Hardesty and Smith heading into runoff for council seat
Civil rights activist Jo Ann Hardesty is headed for a runoff with Multnomah County Commissioner Loretta Smith in the race for the Portland City Council Position 3.
Hardesty had a commanding lead over Smith Tuesday night as results came pouring in, but was still falling below the 50 percent-plus-one vote needed to win the seat outright in the primary election.
A cry of joy erupted at Hardesty's party at Solae's Lounge in Northeast Portland shortly after the first numbers rolled in.
By 8:35 p.m., Hardesty appeared to address the boisterous crowd, wearing high heels and flashing her distinctive big smile. "There were a whole lot of naysayers in the beginning," she said. "They said, 'But Jo Ann, you ask too many direct questions. That's not Portland polite.' "
Hardesty said her first move was to tell longtime Commissioner Dan Saltzman she would challenge him for his re-election, and he soon dropped out of the race.
"We had a vision of what Portland could be," Hardesty told the diverse crowd of supporters. "We have a logo that talks about one Portland, all of us in it together," regardless of income, where people live, and their color.
"That was our vision: one Portland."
Smith raised and spent more money in the race, but Hardesty waged an effective grassroots campaign, featuring more than 90 house meetings, said Thalia Zapatos, a veteran political consultant who volunteered on the campaign. "She leveraged her connections in many different communities."
Jonathan Little, an African-American supporter from North Portland at her campaign party, said he didn't volunteer but has followed her career over the years. "I like her passion and her commitment to the community," Little said.
He supports her work on police accountability and is especially hopeful that she'll support rent control. Hardesty should provide "great access" to City Council for the community, Little said.
Despite trailing Hardesty, Smith gave a fiery, upbeat speech to supporters gathered at a downtown Portland hotel, predicting she would win in the November general election run-off.
"We knew we had a hard race to run and we ran that race. Now we've got to show them what it's all about," said Smith, reminding the crowd that she came back from 18 points down to be elected to the county commission.
Smith also talked about her background, including working for 21 years for Oregon U.S. Sen. Ron Wyden, and her accomplishments on the commission, including creating a summer jobs program for unemployed young people.
As of 10 p.m., Hardesty was leading with 40.8 percent of the vote to 23 percent for Smith.
Bio-firm manager and northwest neighborhood activist Felicia Williams had received 12.7 percent. Architect Stuart Emmons and mayoral policy assistant Andrea Valderrama each received about 11 percent.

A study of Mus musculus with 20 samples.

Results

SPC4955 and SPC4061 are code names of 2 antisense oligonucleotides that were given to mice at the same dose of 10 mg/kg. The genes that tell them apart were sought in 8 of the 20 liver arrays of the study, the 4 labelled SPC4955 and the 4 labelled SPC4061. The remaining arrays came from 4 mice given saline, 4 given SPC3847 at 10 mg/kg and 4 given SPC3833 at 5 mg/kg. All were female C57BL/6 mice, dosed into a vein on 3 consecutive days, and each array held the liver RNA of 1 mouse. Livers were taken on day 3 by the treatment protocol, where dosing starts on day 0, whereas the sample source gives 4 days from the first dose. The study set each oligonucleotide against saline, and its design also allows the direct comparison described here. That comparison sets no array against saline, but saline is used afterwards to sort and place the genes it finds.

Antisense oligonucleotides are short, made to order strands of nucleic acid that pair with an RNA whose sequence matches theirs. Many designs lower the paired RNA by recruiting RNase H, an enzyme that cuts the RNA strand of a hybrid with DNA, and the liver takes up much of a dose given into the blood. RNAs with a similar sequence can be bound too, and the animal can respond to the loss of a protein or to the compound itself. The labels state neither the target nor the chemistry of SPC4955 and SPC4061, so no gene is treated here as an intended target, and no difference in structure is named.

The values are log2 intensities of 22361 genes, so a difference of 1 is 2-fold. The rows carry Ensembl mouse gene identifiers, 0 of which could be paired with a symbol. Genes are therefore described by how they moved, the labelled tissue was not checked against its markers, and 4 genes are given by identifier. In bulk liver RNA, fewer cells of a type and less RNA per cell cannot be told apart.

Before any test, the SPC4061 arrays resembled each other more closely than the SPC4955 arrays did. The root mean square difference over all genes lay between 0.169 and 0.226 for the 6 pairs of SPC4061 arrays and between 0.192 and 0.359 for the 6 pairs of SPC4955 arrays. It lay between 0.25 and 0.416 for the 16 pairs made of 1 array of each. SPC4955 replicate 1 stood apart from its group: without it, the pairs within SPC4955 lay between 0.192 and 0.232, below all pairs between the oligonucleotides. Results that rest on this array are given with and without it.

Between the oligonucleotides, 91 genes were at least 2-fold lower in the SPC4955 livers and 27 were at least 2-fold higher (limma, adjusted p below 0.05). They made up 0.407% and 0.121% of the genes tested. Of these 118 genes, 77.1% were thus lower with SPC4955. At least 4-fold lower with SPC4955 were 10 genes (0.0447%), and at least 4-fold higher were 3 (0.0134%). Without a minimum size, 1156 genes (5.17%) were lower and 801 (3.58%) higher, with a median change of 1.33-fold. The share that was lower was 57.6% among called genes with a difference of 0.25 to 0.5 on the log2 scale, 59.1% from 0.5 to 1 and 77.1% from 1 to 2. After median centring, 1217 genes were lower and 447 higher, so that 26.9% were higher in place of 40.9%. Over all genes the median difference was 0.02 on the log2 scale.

Perennial candidate Lew Humble was also in the race but did not actively campaign and received less than 2 percent.
Smith easily raised more money than her opponents. As of election day, she reported over $342,000 in cash and in-kind contributions in 2018 and 2017. That compares to more than $187,000 reported by Hardesty, more than $172,000 reported by Emmons, more than $133,000 reported by Valderrama, and more than $93,000 reported by Williams. Humble did not file a campaign committee.
Electing a woman of color
The seat became open when Commissioner Dan Saltzman decided not to run for reelection. Hardesty claimed credit for the decision, saying she personally told Saltzman she would run a tough race against him. Smith was also known to be interested in running for the council by then, however.
The race began to attract a lot of interest when Hardesty, Smith and Valderrama entered it. Some activists began to argue that no whites should file so that a woman of color would be elected to the council. Spencer Raymond, a white man, dropped out in the face of such criticism. Felicia Williams, a white woman, was not heavily criticized when she entered the race. Stuart Emmons, another white guy, eventially filed and stayed in the race.
During the campaign, the Oregon secretary of state's office fined Emmons and Smith $250 each after elections officials determined they were running for the office without updating their political action committees. Smith was also sued by a campaign reform activists because she did not resign her commission seat to run for the office, which they argued was required by the county charter. The lawsuit was dismissed before the election, however.